June 12, 2012, 6:06 PM by Casey Wonnenberg

TeleStory Booth: A Cancer Confessional

Hearing that you or a loved one has cancer is never an easy experience. While it may be difficult to talk about it, health officials say it can actually help.

That's why the Avera Cancer Institute has set up a phone booth in the lobby of the Prairie Center.

You probably haven't seen one for a while, especially inside a hospital.  But the TeleStory phone booth at Avera's Prairie Center allows those impacted by cancer to share their story, including 55-year-old Sherry Bryant.

"I seek to tell my story, not because I want people to pity me but I want to be inspiring to them," Bryant said.

Bryant was diagnosed with acute myeloid leukemia, a cancer that starts inside bone marrow, four years ago. At that time 85 percent of her blood cells were cancerous.

"It was very frightening; I will not lie," Bryant said.

She's now in remission but has to take anti-rejection treatments after a bone marrow transplant. She says telling her story has helped her heal.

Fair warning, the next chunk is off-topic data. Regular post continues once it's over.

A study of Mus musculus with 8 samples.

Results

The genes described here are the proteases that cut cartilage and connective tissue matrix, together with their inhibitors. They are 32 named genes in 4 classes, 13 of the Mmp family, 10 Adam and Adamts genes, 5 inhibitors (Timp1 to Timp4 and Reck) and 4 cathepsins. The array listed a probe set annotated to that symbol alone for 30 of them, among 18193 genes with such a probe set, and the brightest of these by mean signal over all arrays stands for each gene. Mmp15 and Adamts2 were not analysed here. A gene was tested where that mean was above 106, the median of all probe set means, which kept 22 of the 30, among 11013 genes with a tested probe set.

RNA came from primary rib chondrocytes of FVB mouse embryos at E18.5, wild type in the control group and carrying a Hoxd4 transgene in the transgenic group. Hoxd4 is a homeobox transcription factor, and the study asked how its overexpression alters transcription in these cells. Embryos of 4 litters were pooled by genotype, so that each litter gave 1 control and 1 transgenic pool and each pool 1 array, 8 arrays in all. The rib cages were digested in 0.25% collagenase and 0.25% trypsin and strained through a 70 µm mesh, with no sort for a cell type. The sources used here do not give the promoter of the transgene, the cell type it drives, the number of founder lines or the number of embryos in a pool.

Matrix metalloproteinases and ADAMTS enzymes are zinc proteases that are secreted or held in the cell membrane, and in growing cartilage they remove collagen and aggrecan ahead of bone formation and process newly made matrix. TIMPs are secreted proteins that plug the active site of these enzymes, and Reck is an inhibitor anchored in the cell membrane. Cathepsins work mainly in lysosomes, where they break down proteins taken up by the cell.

"You have to develop an attitude. If you're going to succeed with this, you have to have an overall positive attitude to help your doctors and nurses help you," Bryant said.

To use the TeleStory booth you simply pick up the phone, dial the operator and leave your story. Spiritual Care Coordinator Mary Guth says even though it may seem like a simple concept, it can have a big impact.

"It can be a healing process for them, a chance to empower, inspire and unite other people," Guth said.

Participants don't have to leave their name and can share as little or as much as they would like. Avera plans to build a website to share the recordings. Guth says it's a chance for those who have lost a loved one to cancer to leave a legacy.  As far as cancer survivors, they can provide hope.

"That's where the inspiration comes from for others. It empowers others to let others know you can get through this," Guth said.

And inspire is exactly what Bryant hopes to do.  She's now cutting her treatments in half.

"Because there's so many people in this world that are going through cancer with themselves or a loved one and it's a very daunting thing to face and to be able to see there are successes," Bryant said.

It's just one new story shared, thanks to an old form of technology.

If you would like to tell your story, the booth will be set up at the Prairie Center until August 4.